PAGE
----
Community nurses in Lincolnshire vote to strike for pay parity

Community nurses employed by an independent social business in North East Lincolnshire have voted in favour of strike action, as part of an ongoing fight to secure pay parity with those working for the NHS.

The Royal College of Nursing (RCN) balloted nurses working for the Care Plus Group over whether they would be willing to take industrial action for better pay and for terms and conditions aligned to those on Agenda for Change contracts in the NHS – and saw 93% who voted saying ‘yes’.

The RCN said that the Care Plus Group, which provides specialist, palliative and end of life nursing care across community settings, had imposed ‘below inflation pay awards’ on its staff and that it had ‘refused to negotiate’ with the college over the 2021 and 2022 pay deals.

The college wants to see community nurses working at the social enterprise given pay, terms and conditions that match those on Agenda for Change in the NHS.

And following the ballot result, which was carried out in July, the RCN said its Yorkshire and the Humber board and committees would now ‘meet to urgently discuss potential next steps’.

The RCN’s regional director for Yorkshire and the Humber, Sarah Dodsworth, said: ‘The ballot result is clear.

‘Our members employed by the Care Plus Group have sent a strong message on how they want us to take forward their campaign for fair pay.’

She added: ‘For far too long, the Care Plus Group have imposed below inflation pay awards.

‘They have refused to negotiate with the RCN on the 2021 and 2022 pay awards.’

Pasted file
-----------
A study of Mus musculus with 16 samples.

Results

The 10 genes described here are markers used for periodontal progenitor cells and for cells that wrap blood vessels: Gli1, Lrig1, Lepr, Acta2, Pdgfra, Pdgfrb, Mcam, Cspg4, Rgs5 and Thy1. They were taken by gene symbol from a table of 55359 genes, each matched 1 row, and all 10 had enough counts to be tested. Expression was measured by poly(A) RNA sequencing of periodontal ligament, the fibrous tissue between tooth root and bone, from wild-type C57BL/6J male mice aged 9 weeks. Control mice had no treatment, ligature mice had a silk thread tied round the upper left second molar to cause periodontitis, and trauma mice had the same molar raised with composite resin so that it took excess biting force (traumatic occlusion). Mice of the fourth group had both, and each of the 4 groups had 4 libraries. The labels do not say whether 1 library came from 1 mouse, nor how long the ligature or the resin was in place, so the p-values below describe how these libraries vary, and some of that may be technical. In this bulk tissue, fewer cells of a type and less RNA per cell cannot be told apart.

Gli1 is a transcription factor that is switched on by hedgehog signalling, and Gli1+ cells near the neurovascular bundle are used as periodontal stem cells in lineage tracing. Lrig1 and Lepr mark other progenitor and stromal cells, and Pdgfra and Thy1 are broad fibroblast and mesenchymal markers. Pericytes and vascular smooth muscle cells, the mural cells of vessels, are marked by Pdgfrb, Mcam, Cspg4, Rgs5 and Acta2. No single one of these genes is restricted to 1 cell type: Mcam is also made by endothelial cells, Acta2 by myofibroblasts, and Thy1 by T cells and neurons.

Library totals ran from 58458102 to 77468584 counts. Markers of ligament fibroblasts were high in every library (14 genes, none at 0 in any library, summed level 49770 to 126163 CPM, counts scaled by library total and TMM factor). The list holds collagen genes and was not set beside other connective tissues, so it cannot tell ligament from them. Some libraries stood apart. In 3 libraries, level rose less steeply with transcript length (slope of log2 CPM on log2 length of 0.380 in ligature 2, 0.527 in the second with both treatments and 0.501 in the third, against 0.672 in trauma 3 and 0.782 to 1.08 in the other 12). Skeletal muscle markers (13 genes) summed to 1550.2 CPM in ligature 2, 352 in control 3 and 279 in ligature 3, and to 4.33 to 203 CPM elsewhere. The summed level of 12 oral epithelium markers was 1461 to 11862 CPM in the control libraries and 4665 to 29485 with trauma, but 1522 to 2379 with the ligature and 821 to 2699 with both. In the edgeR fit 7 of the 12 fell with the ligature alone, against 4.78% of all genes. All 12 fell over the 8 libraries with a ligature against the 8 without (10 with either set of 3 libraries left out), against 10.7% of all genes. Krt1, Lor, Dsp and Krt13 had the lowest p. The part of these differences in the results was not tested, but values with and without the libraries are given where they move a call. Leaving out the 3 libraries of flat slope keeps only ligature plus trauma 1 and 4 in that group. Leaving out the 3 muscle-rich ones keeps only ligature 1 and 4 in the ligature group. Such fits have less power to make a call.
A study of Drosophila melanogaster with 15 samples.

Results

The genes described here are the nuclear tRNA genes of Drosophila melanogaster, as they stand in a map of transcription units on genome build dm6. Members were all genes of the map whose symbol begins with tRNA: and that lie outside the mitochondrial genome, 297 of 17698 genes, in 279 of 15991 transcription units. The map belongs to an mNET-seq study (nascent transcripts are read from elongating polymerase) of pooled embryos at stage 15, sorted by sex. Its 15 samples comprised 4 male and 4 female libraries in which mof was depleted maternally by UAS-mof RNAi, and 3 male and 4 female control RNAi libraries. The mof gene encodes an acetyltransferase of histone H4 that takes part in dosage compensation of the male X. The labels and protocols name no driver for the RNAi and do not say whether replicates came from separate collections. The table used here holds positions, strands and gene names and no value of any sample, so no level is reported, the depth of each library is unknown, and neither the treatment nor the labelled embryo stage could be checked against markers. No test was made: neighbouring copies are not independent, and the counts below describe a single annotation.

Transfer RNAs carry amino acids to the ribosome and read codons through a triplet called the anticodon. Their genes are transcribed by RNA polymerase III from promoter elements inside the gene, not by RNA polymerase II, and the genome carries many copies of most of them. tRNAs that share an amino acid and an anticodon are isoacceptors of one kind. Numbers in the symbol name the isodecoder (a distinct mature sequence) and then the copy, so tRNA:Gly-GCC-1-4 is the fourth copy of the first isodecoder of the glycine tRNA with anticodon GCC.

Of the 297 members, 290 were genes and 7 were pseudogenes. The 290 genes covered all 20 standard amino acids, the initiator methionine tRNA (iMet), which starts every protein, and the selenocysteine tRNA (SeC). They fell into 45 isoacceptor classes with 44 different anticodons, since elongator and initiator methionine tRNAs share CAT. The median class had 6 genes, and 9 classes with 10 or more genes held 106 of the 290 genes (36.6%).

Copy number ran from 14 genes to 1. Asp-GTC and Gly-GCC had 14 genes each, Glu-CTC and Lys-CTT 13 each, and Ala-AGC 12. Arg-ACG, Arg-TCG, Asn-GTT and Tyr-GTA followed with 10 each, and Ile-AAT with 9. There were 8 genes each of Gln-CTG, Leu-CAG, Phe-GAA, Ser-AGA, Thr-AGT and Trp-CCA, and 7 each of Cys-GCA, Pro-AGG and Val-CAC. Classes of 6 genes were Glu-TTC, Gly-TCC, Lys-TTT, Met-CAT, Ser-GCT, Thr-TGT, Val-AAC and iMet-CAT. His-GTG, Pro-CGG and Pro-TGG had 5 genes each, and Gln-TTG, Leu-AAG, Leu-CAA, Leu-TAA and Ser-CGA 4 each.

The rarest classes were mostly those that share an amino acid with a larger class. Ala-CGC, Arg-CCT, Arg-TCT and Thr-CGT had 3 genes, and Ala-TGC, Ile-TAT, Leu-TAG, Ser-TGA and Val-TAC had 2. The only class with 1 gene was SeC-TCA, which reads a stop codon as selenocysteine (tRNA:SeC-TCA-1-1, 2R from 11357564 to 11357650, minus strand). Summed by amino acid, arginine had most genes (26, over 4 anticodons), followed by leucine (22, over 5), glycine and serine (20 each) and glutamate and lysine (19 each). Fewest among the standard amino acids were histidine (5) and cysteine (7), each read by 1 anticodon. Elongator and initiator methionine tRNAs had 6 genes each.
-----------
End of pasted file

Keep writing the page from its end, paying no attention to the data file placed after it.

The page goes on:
Ms Dodsworth said the social enterprise had ‘taken for granted their committed and hard-working nursing staff delivering NHS services to people across North East Lincolnshire’.

‘Despite this, they do not receive pay, terms and conditions that match Agenda for Change in the NHS and the employer continues to ignore the burning issue of pay parity,’ she added.

‘Our members deserve an urgent and fair conclusion to this pay dispute, which properly recognises their skills, experience and commitment to providing the safe and effective care that patients deserve.’

In response, Lisa Revell, chief nurse and deputy chief executive at the Care Plus Group said there had been ‘regular communication and meetings over the last year in relation to pay’ with the RCN, adding that ‘this continues regarding the forthcoming planned strike action’.

She said the organisation was working ‘closely with the RCN to ensure that there will be minimal disruption to services and safe delivery to patients across affected times’.

And she added that the group ‘recognise the impact on staff with rising inflation and the cost-of-living increases and we continue to strive to offer comparable salaries’.

‘We are an independent social business, not part of the NHS, and any pay increases need to be made considering our financial sustainability,’ said Ms Revell.

‘We continue to work closely with Social Enterprise UK who are advocating nationally and with Government for parity for social enterprises in relation to pay.’

The Care Plus Group’s board was also ‘regularly reviewing the financial position and looking at opportunities about future pay in conjunction with our financial sustainability’, she added.

‘We value all staff and appreciate the roles they deliver in supporting our community, often in difficult circumstances,’ she said.

‘We acknowledge that they are facing unprecedented times in relation to taking strike action and continue to support them throughout.’